The rapidly unfolding coronavirus pandemic has underlined the criticality of telecom infrastructure. The global health emergency is placing new pressures on telecom services, as well as spotlighting the key role they can play beyond simple connectivity in emergency scenarios such as this.
In locked-down countries such as Spain and the UK, communications service providers (CSPs) have issued guidelines to residents in a bid to maintain service quality as traffic surges. In Spain, for example, by early last week, IP network traffic was up by 40%, with mobile phone use up 50% and mobile data jumping 25%. Suggested measures include prioritizing work and education over entertainment and gaming during office hours, downloading large documents out of peak times, compressing files, using landlines where possible and even avoiding using microwave ovens.
Following a request from the European Commission, streaming services such as Netflix, YouTube, Amazon Prime Video and Disney+ have also agreed to throttle quality to free up capacity.
AT&T said its network has seen a 40% increase in mobile traffic and a 100% increase in Wi-Fi calling. CEO Randall Stephenson, who likened the pandemic to “a time of war” said AT&T’s network is performing well though has shown “some signs of stress,” and that the company is working on “network augmentation” to ensure effective operations.
Data sharing is key
At the same time as they work to keep people connected, businesses can still maintain some level of productivity and support the healthcare sector through prioritized connectivity, operators are also making more direct contributions to the fight against coronavirus. A key area where telcos have stepped up is sharing data which can be used for movement analysis and contact tracing to slow the spread of the virus.
Austria’s A1 and Deutsche Telekom, for instance, have provided anonymized mass data to visualize the movements of groups and help health officials understand whether people are complying with advice to stay at home and limit social contact.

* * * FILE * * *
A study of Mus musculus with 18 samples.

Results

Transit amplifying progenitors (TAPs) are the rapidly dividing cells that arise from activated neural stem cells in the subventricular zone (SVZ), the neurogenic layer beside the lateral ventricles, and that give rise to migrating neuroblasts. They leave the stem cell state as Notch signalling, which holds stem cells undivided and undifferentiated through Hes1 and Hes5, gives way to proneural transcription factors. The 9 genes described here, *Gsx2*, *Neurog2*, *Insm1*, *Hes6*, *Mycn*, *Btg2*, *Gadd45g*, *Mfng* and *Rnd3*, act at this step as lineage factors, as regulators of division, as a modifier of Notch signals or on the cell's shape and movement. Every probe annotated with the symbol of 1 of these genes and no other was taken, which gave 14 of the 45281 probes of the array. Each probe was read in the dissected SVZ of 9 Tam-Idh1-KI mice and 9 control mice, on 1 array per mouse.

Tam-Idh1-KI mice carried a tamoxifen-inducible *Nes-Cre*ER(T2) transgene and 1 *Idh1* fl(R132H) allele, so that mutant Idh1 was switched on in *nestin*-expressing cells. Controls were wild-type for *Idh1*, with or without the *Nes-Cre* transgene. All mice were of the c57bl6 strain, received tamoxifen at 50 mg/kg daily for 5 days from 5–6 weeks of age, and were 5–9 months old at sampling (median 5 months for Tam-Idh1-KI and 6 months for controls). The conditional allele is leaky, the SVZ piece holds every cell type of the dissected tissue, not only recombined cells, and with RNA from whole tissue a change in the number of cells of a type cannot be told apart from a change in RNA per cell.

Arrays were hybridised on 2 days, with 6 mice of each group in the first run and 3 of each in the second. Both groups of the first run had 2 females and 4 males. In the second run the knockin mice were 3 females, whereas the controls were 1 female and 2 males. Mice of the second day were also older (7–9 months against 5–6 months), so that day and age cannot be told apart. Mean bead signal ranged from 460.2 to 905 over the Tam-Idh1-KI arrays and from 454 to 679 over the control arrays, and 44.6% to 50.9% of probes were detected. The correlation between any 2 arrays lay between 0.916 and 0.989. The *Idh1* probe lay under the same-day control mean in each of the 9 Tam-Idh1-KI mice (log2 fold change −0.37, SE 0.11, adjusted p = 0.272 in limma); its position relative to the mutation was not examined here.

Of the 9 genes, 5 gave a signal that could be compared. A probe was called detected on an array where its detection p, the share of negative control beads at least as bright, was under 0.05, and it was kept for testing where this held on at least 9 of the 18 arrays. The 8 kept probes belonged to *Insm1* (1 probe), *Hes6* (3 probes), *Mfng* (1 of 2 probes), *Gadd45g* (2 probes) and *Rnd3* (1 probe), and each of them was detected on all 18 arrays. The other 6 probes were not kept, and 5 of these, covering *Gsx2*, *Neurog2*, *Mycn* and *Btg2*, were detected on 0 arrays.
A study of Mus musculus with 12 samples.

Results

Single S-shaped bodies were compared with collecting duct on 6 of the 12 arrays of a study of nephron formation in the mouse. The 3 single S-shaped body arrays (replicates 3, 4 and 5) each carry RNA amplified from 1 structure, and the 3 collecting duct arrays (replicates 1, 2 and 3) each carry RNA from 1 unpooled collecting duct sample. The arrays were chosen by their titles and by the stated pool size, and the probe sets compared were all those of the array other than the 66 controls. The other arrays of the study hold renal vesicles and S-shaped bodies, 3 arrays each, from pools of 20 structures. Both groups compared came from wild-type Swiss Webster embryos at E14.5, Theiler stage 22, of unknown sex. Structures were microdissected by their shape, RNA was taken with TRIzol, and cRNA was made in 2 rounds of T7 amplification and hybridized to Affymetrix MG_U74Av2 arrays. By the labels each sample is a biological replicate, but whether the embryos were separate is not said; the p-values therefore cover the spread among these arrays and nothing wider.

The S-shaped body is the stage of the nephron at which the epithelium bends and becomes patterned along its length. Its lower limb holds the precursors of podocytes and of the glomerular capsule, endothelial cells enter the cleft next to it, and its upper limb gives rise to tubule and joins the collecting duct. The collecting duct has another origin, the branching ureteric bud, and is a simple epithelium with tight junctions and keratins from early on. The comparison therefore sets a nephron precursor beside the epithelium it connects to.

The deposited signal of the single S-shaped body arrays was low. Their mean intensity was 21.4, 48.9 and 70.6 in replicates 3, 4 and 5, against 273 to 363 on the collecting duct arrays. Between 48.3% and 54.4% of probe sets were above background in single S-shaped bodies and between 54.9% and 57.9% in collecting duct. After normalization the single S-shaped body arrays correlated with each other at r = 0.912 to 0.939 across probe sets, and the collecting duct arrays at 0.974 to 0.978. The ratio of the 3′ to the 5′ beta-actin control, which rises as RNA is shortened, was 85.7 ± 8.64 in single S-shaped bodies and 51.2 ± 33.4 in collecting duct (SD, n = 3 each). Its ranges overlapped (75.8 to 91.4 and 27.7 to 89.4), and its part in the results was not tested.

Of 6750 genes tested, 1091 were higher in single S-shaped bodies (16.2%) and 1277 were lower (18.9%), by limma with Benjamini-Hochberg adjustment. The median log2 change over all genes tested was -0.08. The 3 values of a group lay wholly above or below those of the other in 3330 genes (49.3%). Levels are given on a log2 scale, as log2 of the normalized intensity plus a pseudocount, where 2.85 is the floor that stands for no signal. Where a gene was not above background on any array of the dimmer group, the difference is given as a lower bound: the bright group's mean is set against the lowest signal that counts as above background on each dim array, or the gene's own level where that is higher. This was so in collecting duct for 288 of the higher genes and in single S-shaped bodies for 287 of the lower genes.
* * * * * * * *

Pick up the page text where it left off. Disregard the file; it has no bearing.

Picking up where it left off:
Operators have been keen to stress that data-sharing initiatives are compliant with the EU’s Global Data Protection Regulation (GDPR). Reports now say that the European Commission is taking further steps to gather additional operator data.
Tracing interactions and isolating those at risk is also a key strategy for many countries, and apps are springing up all over the world. Singapore’s TraceTogether app works by exchanging Bluetooth signals between mobile phones in close proximity. People consent to give the information, which is held for 21 days, to the health ministry so the department can contact other individuals who have been exposed to the virus. Similar apps have been used in China and South Korea and are beginning to emerge elsewhere.
Israel has passed an emergency law to use mobile phone data for tracking people infected with COVID-19 including to identify and quarantine others they have come into contact with.
Such measures have sparked understandable concerns about privacy and surveillance and highlight the delicate balance required in extraordinary times. Israel’s Prime Minister, Benjamin Netanyahu is quoted as saying:
“Israel is a democracy. We have to maintain the balance between the rights of the individual and needs of general society, and we are doing that.”
The UK Secretary of State for Health and Social Care, Matt Hancock, said, too, that GDPR does not inhibit use of data for coronavirus response.
“GDPR has a clause excepting work in the overwhelming public interest. No one should constrain work on responding to coronavirus due to data protection laws,” he tweeted, adding: “We are all having to give up some of our liberties; rights under GDPR have always been balanced against other public interests.”
Catalysts that could help
It’s early days in the battle against coronavirus, and research is happening at an unprecedented and accelerated rate throughout the world, with the hope of restoring some kind of normality back to our lives soon. Several TM Forum Catalyst proofs of concept are working on ways to help in this important effort.
The Smart livelihood and emergency management project is addressing coronavirus monitoring and prevention. In line with the Chinese Ministry of Industry and Information Technology’s strategy, China Mobile’s big data technology has been used to analyze the movement of users in Wuhan City, Hubei and other provinces. This has enabled the recreation of user journeys and supported government-to-citizen notifications for the prevention and control of infection. Through the Catalyst project, which will be demonstrated virtually in June and again at Digital Transformation World in Copenhagen (now postponed until October due to coronavirus), this work will be expanded and enhanced.
Further, the ongoing Skynet project has previously shown how 5G could help tackle epidemics. It demonstrated a 5G-enabled remote healthcare and drone management in a multi-operator orchestrated environment.
Watch this video to learn more about the Skynet Catalyst:
Telcos are, in the main, invisible – unless something goes wrong, with shiny over-the-top providers and tech companies typically taking the spotlight. Operators could emerge – like many others on of the frontlines of the crisis – with the recognition that they provide an essential service which underpins much of daily life, and therefore require corresponding protection and support.